Published July 29, 2020

Apple commits to 100% carbon neutrality by 2030

Apple is planning to bring its supply chain and products to net zero carbon by 2030, the company announced recently. This plan is to encompass the entire business, manufacturing supply chain, and product life cycle. Apple’s goal is to reduce emissions by 75% by 2030 and develop solutions for carbon removal of the remaining 25%.

The tech giant is already carbon neutral for corporate emissions worldwide, and the company is also creating a roadmap for other business by providing details on its approach to carbon neutrality.

The 10-year roadmap shall focus on:

  • Low-carbon product design
  • Expanding energy efficiency
  • Renewable energy
  • Process and material innovations
  • Carbon removal

“Climate action can be the foundation for a new era of innovative potential, job creation, and durable economic growth. With our commitment to carbon neutrality, we hope to be a ripple in the pond that creates a much larger change,” said Tim Cook, CEO of Apple.

Alongside the announcement, Apple released its 2020 Environmental Progress report the same day, which outlines some of the ways in which it will bolster the commitment.

One of the ways Apple is supporting its efforts is thought an Impact Accelerator that will “focus on investing in minority-owned businesses that drive positive outcomes in its supply chain and in communities that are disproportionately affected by environmental hazards.”

In 2019, the company had decreased its carbon footprint by 4.3 metric tons, and all iPhone, iPad, Mac, and Apple Watch devices that were released in the past year have been made with recycled content. It is also to launch one of the largest new solar arrays in Scandinavia to help power its activities, as well as other renewable projects.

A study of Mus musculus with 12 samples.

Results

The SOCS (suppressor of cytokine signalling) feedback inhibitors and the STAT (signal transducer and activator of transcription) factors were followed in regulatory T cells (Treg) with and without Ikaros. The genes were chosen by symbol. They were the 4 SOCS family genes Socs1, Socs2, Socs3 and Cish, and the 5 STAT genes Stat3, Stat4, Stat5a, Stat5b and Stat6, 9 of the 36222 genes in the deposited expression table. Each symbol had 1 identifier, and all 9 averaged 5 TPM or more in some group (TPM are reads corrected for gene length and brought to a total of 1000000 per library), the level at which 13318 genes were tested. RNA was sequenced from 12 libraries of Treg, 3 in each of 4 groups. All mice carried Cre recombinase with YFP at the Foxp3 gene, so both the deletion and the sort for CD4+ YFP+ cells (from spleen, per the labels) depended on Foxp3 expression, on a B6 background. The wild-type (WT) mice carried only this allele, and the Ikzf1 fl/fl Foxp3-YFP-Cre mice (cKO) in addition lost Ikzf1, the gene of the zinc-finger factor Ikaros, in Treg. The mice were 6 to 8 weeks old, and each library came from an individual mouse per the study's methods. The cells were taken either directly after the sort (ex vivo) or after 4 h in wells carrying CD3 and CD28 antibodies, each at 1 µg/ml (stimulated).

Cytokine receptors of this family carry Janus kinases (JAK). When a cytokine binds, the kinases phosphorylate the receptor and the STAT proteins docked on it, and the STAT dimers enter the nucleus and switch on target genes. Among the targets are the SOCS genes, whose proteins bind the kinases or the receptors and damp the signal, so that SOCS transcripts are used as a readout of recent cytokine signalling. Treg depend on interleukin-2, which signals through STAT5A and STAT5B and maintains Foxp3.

Following in the footsteps of other major tech companies like Google, Amazon, and Microsoft, who have set their own targets, Apple’s commitment is still being approached warily by climate advocates and the like.

Greenpeace USA’s senior corporate campaigner, Elizabeth Jardim, in a conversation with the BBC, said that they were happy to see some of the efforts Apple is taking towards its goal but would like to see more near-term solutions for phasing out fossil fuel reliance. While, on the other hand, Simon Nicholson, co-director for the Institute for Carbon Removal Law and Policy at American University, in a statement for the New York Times commented on the lack of a long-term vision when it comes to carbon removal (where Apple is investing in forest and other nature-based solutions), saying that “Holding carbon in forests for a year or two isn’t going to cut it. It needs to be held in forests for the long term, which means centuries.”

The Verge, a subsidiary of Vox Media, reported that although Apple reduced CO2 emissions by 35% from 2015, “it still pumped out a lot of carbon dioxide in 2019 — 25.1 million metric tons, equivalent to six coal-fired power plants chugging along for a year.”

Nathan Proctor, director of the Right to Repair campaign at the non-profit U.S. PIRG, praised the company’s climate-friendly, adaptable model for The Washington Post, but continues to take umbrage with Apple’s unwillingness to budge on its stance on the “right to repair”, which is a movement that empowers consumers to repair and reuse hardware—something which Apple has not made easy and is even designing products that don’t allow for it.

Nevertheless, it is promising to see a major player such as Apple taking further steps to battle the climate emergency, and hopefully it will address some of these criticisms on the road to carbon neutrality.